By Abbey Becker

Photo of Carolyn Becker working in the studio by Vanessa Robertson.

Photo of Carolyn Becker working in the studio by Vanessa Robertson.

Carolyn Becker, BA studio art ’13, had a rough start when she tried painting the human figure. “The first portrait I ever did was terrible,” she laughs. “It was the worst thing I’ve ever painted in my whole life.”

But practice makes perfect, and Becker has come to embrace the body as a central theme of her art. “I think my art is going towards working with the figure, because I just love painting the body,” she says. “I think it’s beautiful.”

Becker often uses her own body as her subject and focuses on body image in her art. “Last year, I painted my legs on pairs of pants, which juxtaposed the length of my legs to the actual lengths of pants and how they never fit me,” Becker explains. “I want to explore my feelings and self-esteem, how I compare myself with others, and my size to the world around me.”

But it may be the colors that she uses that best distinguish her work from others’ in the program. “I love being able to use colors that people don’t normally see [in painting],” she says. “I don’t really like painting with browns and blacks. My color palette is literally what I call ‘eye candy’—it’s blues, turquoise, pinks, really bright reds, really rich, ultramarine blues.”

Though she’s more than a foot shorter than the six foot canvas she used for a recent piece, Becker prefers to paint on large canvasses. “Working large allows me to paint more details and utilize larger color blocks and brushstrokes,” she says. “The only problem is that I sometimes need to stand on a ladder to paint the top part.”

Becker does most of her painting in her assigned space in the undergraduate art studio in Katzen. “I can’t see myself without a space,” says Becker. “The space is honestly my second home. I work on literally all of my art there, even if it’s not for class. The only thing that’s missing is a bed and a bathroom.”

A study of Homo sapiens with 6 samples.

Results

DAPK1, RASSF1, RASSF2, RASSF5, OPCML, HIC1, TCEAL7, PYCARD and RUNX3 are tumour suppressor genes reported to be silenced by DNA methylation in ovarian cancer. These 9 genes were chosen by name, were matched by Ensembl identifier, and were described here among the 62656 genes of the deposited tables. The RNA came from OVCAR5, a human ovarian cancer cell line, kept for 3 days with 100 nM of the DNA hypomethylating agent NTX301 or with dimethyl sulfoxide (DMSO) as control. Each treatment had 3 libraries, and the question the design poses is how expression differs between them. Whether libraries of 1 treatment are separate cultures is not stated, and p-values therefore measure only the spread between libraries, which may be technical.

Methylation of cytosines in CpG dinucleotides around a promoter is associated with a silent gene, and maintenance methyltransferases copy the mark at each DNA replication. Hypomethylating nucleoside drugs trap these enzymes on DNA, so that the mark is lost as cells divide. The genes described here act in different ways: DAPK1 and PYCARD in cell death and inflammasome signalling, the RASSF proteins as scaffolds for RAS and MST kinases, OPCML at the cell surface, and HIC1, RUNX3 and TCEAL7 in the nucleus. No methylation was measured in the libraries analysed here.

She shares the studio with a couple of other undergraduate studio art majors, and they often confer with each other on their current pieces. “We often work together late at night on our separate projects and give each other feedback,” she says. “When people are using the space, it’s very exciting. Everybody’s talking, everybody’s helping each other. It’s a really great community space.”

Last year, she worked with her fellow majors to organize an open studios event. “A lot of the undergrad and grad students came, teachers came, even members of the public came,” says Becker. “It was great, because people got to see the art that the undergraduate students were doing.”

When it came to choosing a school, she thought past her undergraduate career. “I just love the DC area and the art scene here,” she enthuses metro area native. “It’s not that big, so I thought I could get more attention in the scene here and in the program at AU than I would have if I were in Baltimore or New York.” She’s already planning a guerilla art exhibition, and she attends gallery openings and shows to make connections with people in the local art community.

While she primarily considers herself a painter, she’s also interested in drawing, crafts, and vintage fashion. She started a vintage store on Etsy, and she’s working to get that off the ground. “I just want to go out into the world and try and see what I can do,” she says.

Becker has twice been awarded the Alma Thomas Award, an annual award given to an undergraduate painting student who exhibits exemplary skill. “Carolyn approaches all of her work with a willingness to experiment and take risks,” says Department of Art professor Danielle Mysliwiec. “She has a dedicated studio practice, and her commitment to her work has resulted in many exciting leaps forward.”

Professor Tim Doud agrees. “She is enthusiastic about making art and it shows—she and her classmates are helping to make the undergraduate art program at AU a dynamic program.”

She’s modest, though, and attributes much of her success to hard work. “I’m that kid who always has to be on time,” Becker explains. “I go to bed really early because I need to wake up early and do homework. It’s really about how much effort you put into it.”